For Ex-Terp Gilchrist, No Holding Back
Saturday, June 4, 2005
PHILADELPHIA -- Sixteen pairs of sneakers lined the windowsill inside Room 303. A worn basketball lay on the king-size bed. And three items rested on the night table: "The Autobiography of Malcolm X," the Bible and a journal belonging to the downtown loft's temporary resident, John Gilchrist.
The scene represented a simple existence for a complicated young man who has confounded Maryland fans, coaches and teammates with his personality as much as he has dazzled them with his play. He was the face of one of Gary Williams's most rewarding teams, which won the 2004 ACC tournament, and one of his most disappointing, which failed to reach the NCAA tournament in 2005 for the first time in a dozen years.
Gilchrist, during his first extensive public comments since he entered himself in the NBA draft, said he had no regrets about his turbulent final college season, which he said he knew from the beginning would be his last. He said the game ceased to be "fun" last season, said his former teammates failed to match his intensity in practice and characterized his relationship with Williams as nonexistent.
Williams this week declined to comment publicly on Gilchrist, saying only that he wishes him the best of luck as a professional. But Gilchrist's claims were viewed as outlandish by various sources within Maryland's program, who paint him as a belligerent player distracted by the lure of the NBA, rebellious toward Williams's long-successful philosophy and unaccepted as a leader by teammates.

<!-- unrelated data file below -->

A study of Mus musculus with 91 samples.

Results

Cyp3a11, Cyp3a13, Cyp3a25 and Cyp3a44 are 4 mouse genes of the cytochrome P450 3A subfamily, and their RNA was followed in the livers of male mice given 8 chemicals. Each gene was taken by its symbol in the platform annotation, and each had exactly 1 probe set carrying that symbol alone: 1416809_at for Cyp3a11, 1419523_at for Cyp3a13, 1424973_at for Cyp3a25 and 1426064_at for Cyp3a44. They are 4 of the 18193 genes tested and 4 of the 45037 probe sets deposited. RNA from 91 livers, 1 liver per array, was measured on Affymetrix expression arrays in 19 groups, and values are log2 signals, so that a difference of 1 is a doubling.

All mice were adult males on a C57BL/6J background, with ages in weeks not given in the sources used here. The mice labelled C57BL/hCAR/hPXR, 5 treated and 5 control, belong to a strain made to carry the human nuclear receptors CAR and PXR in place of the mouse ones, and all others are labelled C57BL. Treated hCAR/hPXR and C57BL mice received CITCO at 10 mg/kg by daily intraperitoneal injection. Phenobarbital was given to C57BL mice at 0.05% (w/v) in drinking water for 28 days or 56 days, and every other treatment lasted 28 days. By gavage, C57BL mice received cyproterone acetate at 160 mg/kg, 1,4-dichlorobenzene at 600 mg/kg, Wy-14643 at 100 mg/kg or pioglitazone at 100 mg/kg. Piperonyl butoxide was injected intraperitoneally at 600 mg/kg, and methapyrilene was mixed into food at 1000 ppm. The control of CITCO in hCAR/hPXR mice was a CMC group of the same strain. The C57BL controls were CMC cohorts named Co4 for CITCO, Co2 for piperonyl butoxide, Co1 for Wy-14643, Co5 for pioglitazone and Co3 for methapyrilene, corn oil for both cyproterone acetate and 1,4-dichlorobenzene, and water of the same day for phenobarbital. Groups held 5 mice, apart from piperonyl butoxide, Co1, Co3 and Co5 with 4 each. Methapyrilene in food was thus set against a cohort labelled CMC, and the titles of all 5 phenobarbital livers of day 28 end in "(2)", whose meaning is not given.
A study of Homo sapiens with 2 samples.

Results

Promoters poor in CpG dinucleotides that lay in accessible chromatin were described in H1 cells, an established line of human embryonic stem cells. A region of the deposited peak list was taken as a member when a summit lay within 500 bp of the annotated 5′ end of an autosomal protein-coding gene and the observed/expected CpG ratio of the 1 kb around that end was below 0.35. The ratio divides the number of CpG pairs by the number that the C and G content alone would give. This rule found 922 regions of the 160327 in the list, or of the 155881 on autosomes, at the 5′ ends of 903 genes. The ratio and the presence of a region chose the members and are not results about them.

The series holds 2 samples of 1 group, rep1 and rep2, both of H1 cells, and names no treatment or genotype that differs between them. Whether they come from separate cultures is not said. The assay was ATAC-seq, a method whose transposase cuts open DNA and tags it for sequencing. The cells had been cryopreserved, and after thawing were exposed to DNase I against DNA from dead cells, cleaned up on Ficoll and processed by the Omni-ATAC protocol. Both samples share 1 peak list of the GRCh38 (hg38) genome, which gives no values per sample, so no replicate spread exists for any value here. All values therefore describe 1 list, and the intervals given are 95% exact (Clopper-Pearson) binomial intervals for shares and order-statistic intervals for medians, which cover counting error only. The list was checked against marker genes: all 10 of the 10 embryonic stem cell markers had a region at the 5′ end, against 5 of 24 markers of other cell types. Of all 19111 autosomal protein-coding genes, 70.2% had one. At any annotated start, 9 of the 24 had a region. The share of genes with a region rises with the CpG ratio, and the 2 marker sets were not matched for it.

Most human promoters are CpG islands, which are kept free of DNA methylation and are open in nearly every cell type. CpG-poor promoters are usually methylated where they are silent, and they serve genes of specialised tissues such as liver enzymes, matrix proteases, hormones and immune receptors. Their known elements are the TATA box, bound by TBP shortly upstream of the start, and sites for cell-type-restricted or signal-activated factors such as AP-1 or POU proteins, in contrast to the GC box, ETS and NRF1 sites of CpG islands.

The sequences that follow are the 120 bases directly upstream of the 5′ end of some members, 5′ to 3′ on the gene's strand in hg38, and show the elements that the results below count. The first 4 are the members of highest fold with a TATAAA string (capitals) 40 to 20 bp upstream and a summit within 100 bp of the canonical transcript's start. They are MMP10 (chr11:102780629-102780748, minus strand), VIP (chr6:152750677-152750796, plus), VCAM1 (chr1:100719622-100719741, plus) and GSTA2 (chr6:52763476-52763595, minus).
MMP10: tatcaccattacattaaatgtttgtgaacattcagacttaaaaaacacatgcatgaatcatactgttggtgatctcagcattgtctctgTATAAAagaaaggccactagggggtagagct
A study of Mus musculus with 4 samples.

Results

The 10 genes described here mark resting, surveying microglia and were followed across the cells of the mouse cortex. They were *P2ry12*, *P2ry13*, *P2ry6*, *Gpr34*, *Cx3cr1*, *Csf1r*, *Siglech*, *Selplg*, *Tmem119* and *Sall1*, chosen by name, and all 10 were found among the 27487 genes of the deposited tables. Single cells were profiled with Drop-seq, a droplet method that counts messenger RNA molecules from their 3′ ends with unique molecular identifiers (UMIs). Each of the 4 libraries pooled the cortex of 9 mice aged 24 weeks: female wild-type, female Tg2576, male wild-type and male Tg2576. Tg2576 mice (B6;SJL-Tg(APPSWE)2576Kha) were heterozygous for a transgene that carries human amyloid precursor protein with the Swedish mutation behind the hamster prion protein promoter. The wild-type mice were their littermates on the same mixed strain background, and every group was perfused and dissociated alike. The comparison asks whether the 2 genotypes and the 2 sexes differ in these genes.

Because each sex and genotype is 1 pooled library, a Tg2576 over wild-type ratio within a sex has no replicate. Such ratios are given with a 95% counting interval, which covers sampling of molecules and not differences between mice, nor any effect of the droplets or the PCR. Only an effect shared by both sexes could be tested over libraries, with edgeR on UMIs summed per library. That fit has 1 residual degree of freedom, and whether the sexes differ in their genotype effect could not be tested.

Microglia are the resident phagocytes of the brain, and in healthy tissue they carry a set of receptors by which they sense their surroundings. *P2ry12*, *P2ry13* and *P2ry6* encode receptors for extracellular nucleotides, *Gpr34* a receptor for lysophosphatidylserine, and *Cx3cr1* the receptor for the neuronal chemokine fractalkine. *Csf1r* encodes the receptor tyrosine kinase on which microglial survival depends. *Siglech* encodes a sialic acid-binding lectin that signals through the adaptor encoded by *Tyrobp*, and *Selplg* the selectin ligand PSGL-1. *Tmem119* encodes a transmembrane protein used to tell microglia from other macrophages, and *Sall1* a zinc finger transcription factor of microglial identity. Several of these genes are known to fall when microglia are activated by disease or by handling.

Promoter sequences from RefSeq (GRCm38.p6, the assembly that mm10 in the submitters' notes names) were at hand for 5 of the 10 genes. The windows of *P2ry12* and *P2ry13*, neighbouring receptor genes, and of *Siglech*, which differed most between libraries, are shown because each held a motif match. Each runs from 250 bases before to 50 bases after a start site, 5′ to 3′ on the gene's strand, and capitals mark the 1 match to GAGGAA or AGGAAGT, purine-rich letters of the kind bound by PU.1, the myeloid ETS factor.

Gilchrist, 20, says he is happy now, but as he continues to train here for the upcoming NBA draft, he remains an enigma to many outsiders. NBA personnel view his final season as a significant red flag, which could make the point guard one of the last players selected on June 28, a possibility he accepts.
"No one controls my destiny but me," Gilchrist said. "As a college point guard, a lot of your destiny is controlled off your team."
Gilchrist's statistics -- 13.9 points and 5.5 assists per game -- did not completely reflect the erratic nature of his season, which concluded with an injury that forced him to miss the Terrapins' run to the semifinals of the National Invitation Tournament.
After being named the most valuable player of the 2004 ACC tournament, Gilchrist spent much of his junior season clashing with Williams about his role, a situation that worsened as the team continued to struggle. Gilchrist said he never sought a personal association with Williams -- "He was my coach; I looked at it like business." In fact, one of the only conversations of a personal nature Gilchrist recalled having with Williams occurred in spring 2004, when the player told his coach that his longtime girlfriend was pregnant.
The two have not met since a talk at the onset of the NIT run in mid-March that lasted a "good couple minutes," Gilchrist said. During the meeting, Gilchrist reaffirmed his NBA intentions and Williams told him, "If you ever need help talking to the NBA teams, you have my blessing."
Beginning of the End
After starring in the 2004 ACC tournament, Gilchrist said he was a different player last season because he "sacrificed" individual performance to benefit his teammates.
Those within Maryland's program, however, said Gilchrist grew complacent following his ACC tournament performance and returned slower and out of shape. He was outplayed in both preseason exhibitions and several regular season games by point guards previously thought to be inferior.
The role that helped turn former Terp Steve Francis into a star was designed for Gilchrist, who rejected it, sources said, adding that Gilchrist received the appropriate amount of criticism for not tending to responsibilities that most often involved playing defense.